This year, more than ever, I have noticed students bringing tablets and computers to class. As juniors, students are asked to take a lot of notes and turn them into something
useful to prepare for tests, and some juniors have already come up with a system that makes this significantly easier: bringing their computer to school.
Mr. Eric Stanton, upper grades history teacher, defended the juniors’ use of computers during class. He explained that everybody organizes themselves differently and that for some students, typing their notes may be “a better way of approaching [note taking] than just traditional organization in notebooks.
Not only does typing notes make information easier to sort for some students, but it is undoubtedly a perfect way to collaborate when studying. Before big exams, a lot of students ask to exchange notes and synthesize them together to create study guides. This assures students that they aren’t missing any information, and reading through all of the information helps students remember everything.
Taking notes by computer also takes the stress off of heavy backpacks. While students continue to need some binders for worksheets and classes that require handwriting, eliminating the amount of binders needed without a computer makes bags significantly lighter.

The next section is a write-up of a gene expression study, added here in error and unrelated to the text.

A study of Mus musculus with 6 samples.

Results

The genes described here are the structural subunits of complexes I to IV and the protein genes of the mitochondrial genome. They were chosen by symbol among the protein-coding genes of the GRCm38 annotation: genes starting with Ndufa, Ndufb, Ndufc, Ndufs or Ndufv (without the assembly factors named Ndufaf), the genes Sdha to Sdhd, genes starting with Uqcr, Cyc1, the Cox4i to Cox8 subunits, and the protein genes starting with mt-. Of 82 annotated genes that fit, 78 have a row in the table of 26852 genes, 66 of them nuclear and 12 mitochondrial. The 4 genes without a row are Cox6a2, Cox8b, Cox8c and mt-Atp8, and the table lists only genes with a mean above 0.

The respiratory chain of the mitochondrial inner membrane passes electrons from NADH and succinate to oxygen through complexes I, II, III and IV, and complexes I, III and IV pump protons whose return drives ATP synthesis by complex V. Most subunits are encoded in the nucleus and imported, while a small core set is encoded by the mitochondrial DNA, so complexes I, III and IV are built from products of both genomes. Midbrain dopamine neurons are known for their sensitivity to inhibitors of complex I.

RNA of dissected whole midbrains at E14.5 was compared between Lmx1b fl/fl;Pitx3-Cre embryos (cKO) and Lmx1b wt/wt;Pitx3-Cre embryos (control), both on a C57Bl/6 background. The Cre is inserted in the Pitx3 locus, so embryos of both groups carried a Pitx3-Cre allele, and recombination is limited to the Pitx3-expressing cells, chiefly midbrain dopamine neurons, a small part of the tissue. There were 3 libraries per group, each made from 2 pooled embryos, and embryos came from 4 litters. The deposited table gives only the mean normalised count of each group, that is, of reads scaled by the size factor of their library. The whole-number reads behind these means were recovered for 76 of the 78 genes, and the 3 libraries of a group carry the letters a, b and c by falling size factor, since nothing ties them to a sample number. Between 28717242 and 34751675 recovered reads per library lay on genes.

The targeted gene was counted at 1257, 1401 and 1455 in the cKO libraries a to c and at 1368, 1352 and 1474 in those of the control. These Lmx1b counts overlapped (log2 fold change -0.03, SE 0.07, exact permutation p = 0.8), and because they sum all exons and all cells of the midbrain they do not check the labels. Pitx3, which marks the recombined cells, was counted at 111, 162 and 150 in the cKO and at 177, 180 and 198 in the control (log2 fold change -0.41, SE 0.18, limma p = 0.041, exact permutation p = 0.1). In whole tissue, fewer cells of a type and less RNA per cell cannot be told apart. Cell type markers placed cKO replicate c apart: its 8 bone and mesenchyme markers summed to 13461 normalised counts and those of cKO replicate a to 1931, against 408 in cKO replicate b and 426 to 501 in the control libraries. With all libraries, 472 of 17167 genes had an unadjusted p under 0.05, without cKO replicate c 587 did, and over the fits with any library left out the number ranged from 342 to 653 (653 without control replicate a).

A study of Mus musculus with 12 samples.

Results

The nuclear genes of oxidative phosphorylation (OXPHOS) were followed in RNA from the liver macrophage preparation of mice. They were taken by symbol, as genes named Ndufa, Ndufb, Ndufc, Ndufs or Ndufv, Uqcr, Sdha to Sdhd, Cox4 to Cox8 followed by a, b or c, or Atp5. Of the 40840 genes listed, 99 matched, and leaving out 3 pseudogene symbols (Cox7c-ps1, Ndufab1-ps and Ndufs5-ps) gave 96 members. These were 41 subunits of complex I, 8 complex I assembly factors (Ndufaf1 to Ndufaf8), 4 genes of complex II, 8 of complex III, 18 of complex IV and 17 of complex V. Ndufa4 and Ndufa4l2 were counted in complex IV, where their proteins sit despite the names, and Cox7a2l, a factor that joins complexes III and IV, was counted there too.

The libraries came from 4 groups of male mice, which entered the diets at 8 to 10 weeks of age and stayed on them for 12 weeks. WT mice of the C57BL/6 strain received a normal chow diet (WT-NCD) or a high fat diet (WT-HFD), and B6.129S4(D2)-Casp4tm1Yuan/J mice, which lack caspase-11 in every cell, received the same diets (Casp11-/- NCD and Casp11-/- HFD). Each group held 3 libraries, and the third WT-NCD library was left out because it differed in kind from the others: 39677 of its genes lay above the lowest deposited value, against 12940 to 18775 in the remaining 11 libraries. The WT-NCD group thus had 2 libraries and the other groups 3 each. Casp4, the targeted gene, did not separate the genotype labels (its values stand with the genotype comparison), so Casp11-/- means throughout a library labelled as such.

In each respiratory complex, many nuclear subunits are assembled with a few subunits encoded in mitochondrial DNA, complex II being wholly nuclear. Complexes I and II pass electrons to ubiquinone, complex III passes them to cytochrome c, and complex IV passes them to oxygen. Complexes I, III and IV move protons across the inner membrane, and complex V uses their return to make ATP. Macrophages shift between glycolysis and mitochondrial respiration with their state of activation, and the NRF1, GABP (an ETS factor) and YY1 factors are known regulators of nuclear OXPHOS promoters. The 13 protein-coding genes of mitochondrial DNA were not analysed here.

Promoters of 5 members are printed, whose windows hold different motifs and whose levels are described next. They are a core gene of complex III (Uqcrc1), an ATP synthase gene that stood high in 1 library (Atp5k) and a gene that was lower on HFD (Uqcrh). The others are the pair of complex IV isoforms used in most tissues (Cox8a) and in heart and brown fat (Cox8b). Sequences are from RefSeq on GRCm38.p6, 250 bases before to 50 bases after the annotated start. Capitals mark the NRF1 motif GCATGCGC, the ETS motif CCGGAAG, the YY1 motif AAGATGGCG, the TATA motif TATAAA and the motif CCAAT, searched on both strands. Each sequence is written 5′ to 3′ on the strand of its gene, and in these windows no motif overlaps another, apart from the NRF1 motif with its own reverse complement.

There is something to be said for the power of handwriting notes. To start, it forces students to choose the most necessary information and document that, because there’s not enough time to copy everything. This creates a mental highlight of what’s important. For students who don’t want to sort through pages and pages of transcripts of the lesson, it makes sense to handwrite. Not only that, but according to NPR, students also remember a greater amount of the information when it is handwritten versus typed.
Stacy Roberts, class of 2019, uses an iPad Pro and stylus and said that it “allows me to handwrite notes and then immediately have them typed up as well and it’s just a much easier way to help consolidate my learning and also just to organize it without having to have a bunch of really heavy notebooks and binders.”
Bringing computers to school serves as a helpful tool beyond notes. Students use school computers at least once every week or two in order to conduct research or type an essay. The time spent in class can often be wasteful if the computers aren’t functioning properly, but bringing one’s own computer takes away that problem.
Mr. Stanton agreed, “Your own computers are a little more technologically advanced so they function faster and have other programs that the chromebooks don’t have.”
In the end, it is important that each individual student finds a system for learning that works well for them, but bringing a computer to school has definitely shown its perks.
For students who don’t have their own computer, it is certainly worth the school’s funds to offer more functioning computers, or a system that allows students to rent computers to make them feel more personalized.